The Belarus regime’s crackdown on civil society continues

Protest banner reading “Fair elections. Tribunal. Freedom for political prisoners,” held at protest rally on August 16, 2020 in Minsk, Belarus. Photo by Wikipedia user Homoatrox, CC BY-SA 3.0.

This story is based on an update by IFEX, prepared by IFEX’s Europe and Central Asia Regional Editor, Cathal Sheerin, and edited and republished on Global Voices under a media partnership agreement. IFEX (International Freedom of Expression Exchange) is a global network of organizations that work in defense of freedom of expression. See the full chronology here.

Reported cases of persecuted journalists in Belarus have fallen since 2020, but not for any positive reason: imprisonments, forced exile and decisions to abandon such a risky profession mean there are simply fewer journalists left to persecute. 

In June, the Belarusian Association of Journalists (BAJ) reported that its logo had been listed as “extremist” content, putting those who use it — or have items bearing it — at risk of prosecution. BAJ, which was also labelled “extremist” by the authorities earlier this year and liquidated by the politicized Supreme Court in 2021, has warned all journalists in Belarus to remove any items bearing the logo from their homes and offices.

June also saw access to BAJ’s website blocked in Russia.

The number of political prisoners in Belarus continues to rise; according to Human Rights Center Viasna, by the end of June, there were 1,496 individuals languishing behind bars on politically-motivated charges. Among these prisoners is Tatsiana Pytsko, who was detained early in the month and charged with “creating or participating in an extremist organization.” The charges against her are based on alleged assistance she gave to her cameraman husband (jailed in February) in the course of his work; her detention brings the number of media workers detained in Belarus to 34.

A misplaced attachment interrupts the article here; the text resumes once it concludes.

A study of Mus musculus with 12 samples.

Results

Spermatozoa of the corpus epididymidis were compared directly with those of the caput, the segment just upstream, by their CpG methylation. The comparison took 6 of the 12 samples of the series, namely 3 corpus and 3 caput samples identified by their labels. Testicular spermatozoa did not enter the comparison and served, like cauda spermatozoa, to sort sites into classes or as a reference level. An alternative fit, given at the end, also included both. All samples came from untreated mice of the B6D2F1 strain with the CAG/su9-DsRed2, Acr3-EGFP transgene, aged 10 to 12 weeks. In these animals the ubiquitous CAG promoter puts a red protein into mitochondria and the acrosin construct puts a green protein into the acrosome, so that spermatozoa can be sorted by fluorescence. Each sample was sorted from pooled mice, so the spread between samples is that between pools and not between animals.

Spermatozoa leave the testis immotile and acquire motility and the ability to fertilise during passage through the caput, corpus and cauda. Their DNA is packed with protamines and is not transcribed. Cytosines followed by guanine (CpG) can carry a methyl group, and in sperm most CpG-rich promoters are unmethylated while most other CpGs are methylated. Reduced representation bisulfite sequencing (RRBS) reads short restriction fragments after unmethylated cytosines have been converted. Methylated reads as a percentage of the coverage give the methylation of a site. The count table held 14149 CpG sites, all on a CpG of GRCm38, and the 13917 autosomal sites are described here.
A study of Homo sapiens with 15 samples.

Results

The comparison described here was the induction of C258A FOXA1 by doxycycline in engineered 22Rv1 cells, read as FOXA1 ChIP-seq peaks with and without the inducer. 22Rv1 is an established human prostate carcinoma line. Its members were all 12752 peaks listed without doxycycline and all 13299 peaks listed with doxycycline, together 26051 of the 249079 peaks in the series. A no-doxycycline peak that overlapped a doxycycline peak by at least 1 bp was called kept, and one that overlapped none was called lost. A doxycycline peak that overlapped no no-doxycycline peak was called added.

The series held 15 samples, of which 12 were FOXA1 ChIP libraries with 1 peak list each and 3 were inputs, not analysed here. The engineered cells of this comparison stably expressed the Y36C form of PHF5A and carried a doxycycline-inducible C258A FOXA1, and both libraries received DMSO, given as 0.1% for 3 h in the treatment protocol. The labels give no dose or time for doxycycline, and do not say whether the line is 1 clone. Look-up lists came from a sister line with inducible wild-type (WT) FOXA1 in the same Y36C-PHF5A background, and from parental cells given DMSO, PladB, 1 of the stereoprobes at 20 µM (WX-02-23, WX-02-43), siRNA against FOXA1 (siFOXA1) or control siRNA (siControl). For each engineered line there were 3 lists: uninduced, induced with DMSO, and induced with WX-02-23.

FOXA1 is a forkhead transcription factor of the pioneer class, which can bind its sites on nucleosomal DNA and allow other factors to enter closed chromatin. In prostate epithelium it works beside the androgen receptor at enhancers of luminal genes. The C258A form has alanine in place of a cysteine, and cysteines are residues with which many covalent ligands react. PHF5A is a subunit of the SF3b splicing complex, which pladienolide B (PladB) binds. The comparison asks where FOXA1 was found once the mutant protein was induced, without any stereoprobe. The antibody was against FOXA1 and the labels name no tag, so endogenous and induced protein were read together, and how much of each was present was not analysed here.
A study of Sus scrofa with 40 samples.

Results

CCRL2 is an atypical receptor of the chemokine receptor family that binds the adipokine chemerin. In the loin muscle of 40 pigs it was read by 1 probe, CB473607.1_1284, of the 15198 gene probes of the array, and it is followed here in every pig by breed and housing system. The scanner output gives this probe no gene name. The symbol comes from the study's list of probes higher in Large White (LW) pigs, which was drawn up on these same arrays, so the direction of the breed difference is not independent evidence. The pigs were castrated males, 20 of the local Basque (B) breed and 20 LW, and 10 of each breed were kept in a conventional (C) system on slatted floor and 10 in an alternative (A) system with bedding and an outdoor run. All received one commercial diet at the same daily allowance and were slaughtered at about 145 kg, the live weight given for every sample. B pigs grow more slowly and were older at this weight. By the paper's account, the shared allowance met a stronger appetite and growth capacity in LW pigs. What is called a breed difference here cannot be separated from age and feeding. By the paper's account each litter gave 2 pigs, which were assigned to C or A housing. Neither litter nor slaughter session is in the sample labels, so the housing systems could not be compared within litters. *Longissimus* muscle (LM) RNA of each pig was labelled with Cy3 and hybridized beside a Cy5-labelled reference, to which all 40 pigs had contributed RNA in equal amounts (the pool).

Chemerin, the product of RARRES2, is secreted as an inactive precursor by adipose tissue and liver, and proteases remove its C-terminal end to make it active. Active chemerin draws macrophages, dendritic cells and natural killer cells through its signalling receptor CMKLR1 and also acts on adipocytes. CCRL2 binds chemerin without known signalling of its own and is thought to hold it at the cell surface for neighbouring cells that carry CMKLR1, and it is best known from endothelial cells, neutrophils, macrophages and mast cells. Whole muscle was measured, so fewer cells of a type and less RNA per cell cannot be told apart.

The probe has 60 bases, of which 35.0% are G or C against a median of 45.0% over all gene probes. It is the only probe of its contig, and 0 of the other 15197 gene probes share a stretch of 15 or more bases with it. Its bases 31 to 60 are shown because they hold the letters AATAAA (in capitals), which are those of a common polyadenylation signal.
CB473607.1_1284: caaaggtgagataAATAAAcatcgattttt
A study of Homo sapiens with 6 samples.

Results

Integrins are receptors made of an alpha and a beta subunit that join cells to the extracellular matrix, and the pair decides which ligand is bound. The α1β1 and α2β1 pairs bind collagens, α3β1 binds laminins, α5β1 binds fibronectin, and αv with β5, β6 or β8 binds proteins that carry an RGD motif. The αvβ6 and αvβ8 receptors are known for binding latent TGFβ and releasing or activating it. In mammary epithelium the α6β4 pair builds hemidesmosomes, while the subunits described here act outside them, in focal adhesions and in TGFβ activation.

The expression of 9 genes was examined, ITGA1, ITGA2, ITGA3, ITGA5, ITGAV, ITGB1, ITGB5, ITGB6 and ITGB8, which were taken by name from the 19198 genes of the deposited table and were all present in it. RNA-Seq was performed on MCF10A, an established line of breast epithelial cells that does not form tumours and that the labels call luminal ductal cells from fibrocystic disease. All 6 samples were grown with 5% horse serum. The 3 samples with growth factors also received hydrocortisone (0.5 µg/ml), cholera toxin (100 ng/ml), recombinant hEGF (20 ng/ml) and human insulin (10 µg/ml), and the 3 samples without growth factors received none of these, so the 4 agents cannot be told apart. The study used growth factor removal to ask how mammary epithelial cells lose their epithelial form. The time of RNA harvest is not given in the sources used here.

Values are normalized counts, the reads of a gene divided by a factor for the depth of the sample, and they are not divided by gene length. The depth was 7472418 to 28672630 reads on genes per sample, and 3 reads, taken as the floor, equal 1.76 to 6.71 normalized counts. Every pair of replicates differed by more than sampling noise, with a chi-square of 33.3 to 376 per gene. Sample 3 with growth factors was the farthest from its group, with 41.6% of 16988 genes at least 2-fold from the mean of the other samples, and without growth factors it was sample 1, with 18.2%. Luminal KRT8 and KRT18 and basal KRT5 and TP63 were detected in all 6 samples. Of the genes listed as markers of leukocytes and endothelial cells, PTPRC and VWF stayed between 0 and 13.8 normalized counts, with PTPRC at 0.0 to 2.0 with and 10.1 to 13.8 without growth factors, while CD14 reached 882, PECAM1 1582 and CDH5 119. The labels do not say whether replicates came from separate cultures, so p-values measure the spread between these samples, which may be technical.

Several IFEX members and other rights groups highlighted the cases of two high-profile political prisoners in June — prominent opposition figure Maria Kalesnikava and human rights defender Nasta Loika —  and called for their immediate release.

Kalesnikava, who was sentenced to 11 years in prison in 2021, is currently in solitary confinement and has been denied adequate access to medical treatment and legal representation. Loika, who has been tortured in detention, was handed a seven-year prison sentence during a closed trial this month; her prosecution was based on her work investigating human rights violations carried out by law enforcement officials.

A useful overview of the situation for independent journalists in Belarus was published this month by BAJ and Justice for Journalists. Their report, which mainly focuses on the period 2021–2022, examines several tools of persecution employed by the authorities against critical media. These include judicial harassment, violence, ill treatment in detention and cyber attacks (instances of the latter rose sharply during 2020–2021).  While it would appear that fewer cases of persecution are being reported now, it is likely that there are just fewer journalists to persecute, as they are imprisoned, choose exile or simply choose to abandon the profession.